On Monday, a handful of unhoused residents in San Jose moved into a vacant senior housing complex. Santa Clara County officials said the Willow Glen apartments represent a stepping stone for homeless residents, who will eventually be placed into permanent housing at other locations as it becomes available.
KRON4 reported that the people moving into 1185 Pedro street have already secured vouchers for longer-term housing. Five residents have moved into the former senior housing apartments, which sources say had been empty for years. KRON4 said that in the coming weeks, 80 people are expected to move in. Willow Glen will offer single-occupancy rooms with a twin bed, a small TV, and a bathroom, the Mercury News reported.
Some neighbors have inquired about how long people will stay and where they'll park, and have expressed concerns that the process of opening the shelter — which had been expedited because of feared COVID outbreaks among the homeless community — was not fully transparent. San Jose councilmember Dev Davis told KRON4 that the new transitional housing in San Jose "has not included the community as much as it should have, and that's been a concern for the neighbors."
During a Santa Clara County board meeting in March 2020, officials unanimously approved a multi-million dollar lease, as well as support programs, for the Willow Glen site in response to a "local health emergency" and the need to shelter in place, as San Jose Inside reported, adding that there was conflict between county and city officials over which permits were required to turn the apartment complex into a temporary shelter. The project appears to have overcome any red-tape issues. Santa Clara County entered into a 10-year, $19 million contract with Abode Services, the largest homeless housing and services provider in the Bay Area.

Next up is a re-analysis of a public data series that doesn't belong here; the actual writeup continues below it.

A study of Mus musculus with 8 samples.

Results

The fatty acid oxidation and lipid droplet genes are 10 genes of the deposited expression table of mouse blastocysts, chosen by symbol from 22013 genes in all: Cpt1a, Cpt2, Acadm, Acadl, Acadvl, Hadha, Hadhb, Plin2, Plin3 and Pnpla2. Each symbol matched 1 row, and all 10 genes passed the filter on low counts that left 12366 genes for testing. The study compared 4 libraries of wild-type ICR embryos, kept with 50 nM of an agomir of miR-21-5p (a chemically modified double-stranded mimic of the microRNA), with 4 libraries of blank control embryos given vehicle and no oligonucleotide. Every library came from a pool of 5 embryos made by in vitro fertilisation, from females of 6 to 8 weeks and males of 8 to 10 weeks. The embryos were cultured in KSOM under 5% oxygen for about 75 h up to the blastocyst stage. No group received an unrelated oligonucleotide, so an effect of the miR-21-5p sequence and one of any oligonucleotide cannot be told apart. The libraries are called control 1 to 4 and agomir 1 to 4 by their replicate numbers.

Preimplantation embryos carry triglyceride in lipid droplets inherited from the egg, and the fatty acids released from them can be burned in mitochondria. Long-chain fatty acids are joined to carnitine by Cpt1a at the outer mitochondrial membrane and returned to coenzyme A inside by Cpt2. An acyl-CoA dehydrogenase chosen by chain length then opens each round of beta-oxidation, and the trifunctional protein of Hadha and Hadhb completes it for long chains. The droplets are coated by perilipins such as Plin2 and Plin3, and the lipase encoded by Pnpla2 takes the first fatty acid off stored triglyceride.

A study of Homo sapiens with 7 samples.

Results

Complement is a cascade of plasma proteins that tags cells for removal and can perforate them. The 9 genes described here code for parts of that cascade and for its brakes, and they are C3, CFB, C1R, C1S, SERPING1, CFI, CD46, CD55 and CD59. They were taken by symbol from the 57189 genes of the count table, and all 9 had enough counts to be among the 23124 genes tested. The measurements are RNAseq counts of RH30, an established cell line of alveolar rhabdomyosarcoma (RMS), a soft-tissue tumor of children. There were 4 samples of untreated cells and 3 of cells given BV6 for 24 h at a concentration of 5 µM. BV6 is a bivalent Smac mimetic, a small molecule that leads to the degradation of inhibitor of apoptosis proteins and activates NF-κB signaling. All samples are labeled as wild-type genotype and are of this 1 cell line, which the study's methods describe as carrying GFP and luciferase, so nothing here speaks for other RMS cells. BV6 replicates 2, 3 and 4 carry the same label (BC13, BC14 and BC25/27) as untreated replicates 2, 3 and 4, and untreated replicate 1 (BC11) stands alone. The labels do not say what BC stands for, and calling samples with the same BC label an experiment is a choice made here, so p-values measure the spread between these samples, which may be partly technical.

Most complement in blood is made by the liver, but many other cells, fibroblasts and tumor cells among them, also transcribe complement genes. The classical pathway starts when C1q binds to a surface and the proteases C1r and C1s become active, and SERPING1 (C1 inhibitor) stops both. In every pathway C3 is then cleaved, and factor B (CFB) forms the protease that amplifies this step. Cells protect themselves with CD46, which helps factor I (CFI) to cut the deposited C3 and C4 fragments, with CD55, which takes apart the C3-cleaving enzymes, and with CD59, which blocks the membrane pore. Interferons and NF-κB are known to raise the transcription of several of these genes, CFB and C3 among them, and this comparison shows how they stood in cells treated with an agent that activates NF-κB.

Santa Clara Deputy County Executive Ky Le told KRON4 that the Willow Glen apartments will have "a full complement of property management staff; it’s going to be staffed 24 hours a day and we’re going to have a robust complement of supportive services."
Earlier this month, California Governor Gavin Newsom proposed $12 billion in funding for homeless housing, pledging to “functionally end family homelessness” within five years, KRON4 reported, adding that California has an unhoused population of some 161,000 people — more than any other state.